Radiofrequency ablation is a treatment that uses an electric current to heat up a small area of nerve tissue and block pain signals. The procedure can provide lasting relief for people experiencing chronic pain, especially in the lower back, neck, and arthritic joints.
Patients suffering from chronic pain who have not responded to other treatments, such as pain medication and physical therapy, may be good candidates for radiofrequency ablation.
Patients diagnosed with arthritis of the spine, sacroiliac joint inflammation, facet joint inflammation, and neck, back, knee, and peripheral nerve pain, may also benefit from radiofrequency ablation.
Symptoms of these conditions include:
Radiofrequency ablation can be an effective treatment for patients who have experienced good results from steroid injections, epidural injections, or nerve block injections. Patients with other health conditions or illnesses who may not be good candidates for traditional open surgery often consider radiofrequency ablation.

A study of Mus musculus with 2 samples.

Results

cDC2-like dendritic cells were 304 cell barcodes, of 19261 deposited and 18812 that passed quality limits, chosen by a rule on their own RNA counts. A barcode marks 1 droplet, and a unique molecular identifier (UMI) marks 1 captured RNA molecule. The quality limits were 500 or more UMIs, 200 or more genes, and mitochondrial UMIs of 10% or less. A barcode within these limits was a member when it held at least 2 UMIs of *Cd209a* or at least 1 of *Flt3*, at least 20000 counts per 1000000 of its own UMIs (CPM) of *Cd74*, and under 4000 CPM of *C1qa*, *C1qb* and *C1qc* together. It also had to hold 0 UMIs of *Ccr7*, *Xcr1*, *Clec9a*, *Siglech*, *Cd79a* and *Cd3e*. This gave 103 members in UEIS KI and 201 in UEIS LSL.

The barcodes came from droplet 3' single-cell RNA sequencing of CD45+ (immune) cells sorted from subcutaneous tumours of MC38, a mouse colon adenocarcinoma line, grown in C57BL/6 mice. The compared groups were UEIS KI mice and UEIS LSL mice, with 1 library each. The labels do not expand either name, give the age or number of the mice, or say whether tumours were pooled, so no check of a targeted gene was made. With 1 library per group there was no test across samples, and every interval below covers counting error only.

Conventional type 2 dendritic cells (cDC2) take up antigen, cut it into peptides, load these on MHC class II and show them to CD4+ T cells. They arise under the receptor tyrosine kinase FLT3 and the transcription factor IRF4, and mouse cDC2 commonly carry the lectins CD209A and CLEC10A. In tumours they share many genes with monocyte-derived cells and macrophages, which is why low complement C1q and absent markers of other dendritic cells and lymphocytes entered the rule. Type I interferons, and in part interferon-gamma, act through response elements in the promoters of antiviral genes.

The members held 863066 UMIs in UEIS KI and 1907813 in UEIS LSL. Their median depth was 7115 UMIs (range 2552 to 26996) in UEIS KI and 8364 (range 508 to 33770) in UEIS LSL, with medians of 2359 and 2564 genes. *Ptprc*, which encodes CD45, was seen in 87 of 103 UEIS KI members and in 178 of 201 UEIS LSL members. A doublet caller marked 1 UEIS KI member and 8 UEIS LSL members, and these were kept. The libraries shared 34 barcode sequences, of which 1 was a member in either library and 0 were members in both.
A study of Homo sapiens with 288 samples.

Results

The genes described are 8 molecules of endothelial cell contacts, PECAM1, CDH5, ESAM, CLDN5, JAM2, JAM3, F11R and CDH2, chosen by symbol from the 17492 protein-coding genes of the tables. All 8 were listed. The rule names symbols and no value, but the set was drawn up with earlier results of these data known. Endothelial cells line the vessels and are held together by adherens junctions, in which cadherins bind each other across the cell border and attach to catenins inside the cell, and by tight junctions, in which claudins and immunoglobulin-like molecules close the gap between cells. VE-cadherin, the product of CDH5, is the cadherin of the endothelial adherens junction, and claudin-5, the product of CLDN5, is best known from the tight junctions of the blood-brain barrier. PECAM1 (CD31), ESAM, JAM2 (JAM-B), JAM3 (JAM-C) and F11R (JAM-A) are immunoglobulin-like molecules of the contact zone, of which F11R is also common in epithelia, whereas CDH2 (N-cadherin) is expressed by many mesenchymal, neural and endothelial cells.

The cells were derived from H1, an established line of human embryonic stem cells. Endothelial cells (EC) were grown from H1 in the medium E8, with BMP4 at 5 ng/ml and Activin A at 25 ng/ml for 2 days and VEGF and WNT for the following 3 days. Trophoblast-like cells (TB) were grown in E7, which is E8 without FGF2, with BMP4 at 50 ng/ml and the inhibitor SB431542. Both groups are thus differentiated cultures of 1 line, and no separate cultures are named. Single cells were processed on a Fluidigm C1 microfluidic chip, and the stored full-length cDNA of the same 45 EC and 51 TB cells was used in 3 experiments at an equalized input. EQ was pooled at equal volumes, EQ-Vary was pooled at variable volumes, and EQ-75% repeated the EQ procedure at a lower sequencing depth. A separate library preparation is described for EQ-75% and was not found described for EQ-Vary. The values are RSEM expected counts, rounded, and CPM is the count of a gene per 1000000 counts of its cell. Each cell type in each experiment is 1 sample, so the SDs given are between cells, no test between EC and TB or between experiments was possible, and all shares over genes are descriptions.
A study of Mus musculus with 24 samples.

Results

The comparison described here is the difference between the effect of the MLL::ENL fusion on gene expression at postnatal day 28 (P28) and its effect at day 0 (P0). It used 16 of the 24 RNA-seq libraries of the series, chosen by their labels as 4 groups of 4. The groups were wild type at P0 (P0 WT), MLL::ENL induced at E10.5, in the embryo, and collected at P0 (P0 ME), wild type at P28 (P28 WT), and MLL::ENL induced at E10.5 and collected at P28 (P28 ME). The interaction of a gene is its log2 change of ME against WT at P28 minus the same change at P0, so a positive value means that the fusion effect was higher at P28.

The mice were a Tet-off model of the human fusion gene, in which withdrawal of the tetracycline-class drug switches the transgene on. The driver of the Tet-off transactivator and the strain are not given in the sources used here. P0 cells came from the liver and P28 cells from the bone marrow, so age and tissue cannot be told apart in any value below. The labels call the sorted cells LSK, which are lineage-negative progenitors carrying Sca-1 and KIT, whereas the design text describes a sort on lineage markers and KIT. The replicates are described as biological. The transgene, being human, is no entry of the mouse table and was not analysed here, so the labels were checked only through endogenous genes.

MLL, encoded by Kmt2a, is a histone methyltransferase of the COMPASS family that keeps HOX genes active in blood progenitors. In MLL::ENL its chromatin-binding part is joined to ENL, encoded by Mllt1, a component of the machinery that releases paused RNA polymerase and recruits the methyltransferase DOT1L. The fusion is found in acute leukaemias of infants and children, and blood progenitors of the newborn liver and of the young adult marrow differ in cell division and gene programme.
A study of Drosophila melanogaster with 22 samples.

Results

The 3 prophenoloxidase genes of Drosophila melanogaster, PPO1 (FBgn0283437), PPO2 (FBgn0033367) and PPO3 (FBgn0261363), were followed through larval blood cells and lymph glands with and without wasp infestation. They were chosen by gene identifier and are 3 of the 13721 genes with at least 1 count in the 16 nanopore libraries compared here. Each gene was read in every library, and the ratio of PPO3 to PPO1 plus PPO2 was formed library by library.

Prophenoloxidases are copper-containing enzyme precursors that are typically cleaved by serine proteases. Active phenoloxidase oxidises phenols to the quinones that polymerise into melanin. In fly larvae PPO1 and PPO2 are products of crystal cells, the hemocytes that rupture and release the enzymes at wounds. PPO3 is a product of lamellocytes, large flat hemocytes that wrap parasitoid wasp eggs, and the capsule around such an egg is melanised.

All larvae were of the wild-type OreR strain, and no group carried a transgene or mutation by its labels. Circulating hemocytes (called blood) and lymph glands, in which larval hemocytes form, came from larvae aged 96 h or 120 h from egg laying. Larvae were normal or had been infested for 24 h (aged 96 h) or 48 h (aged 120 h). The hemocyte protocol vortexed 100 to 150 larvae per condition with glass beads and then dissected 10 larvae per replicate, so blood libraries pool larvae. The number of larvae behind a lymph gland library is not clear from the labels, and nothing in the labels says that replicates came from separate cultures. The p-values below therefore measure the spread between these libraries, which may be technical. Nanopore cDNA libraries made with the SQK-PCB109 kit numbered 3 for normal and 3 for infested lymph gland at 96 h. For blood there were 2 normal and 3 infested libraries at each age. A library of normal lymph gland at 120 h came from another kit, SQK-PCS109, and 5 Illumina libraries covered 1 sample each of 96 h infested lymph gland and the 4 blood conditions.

The procedure is not recommended for patients with an active infection, allergies to local anesthetics, or bleeding issues.
Patients should avoid drinking liquids and eating within six hours before the procedure. Clear liquids are permissible up until two hours before the appointment. Patients will receive detailed instructions regarding diet leading up to treatment.
The patient will lay on their stomach or back on an X-ray table and receive intravenous medication to help them relax. Next, the doctor will numb the treatment area with a local anesthetic and insert a thin needle. Under X-ray guidance, the doctor will identify the correct injection site.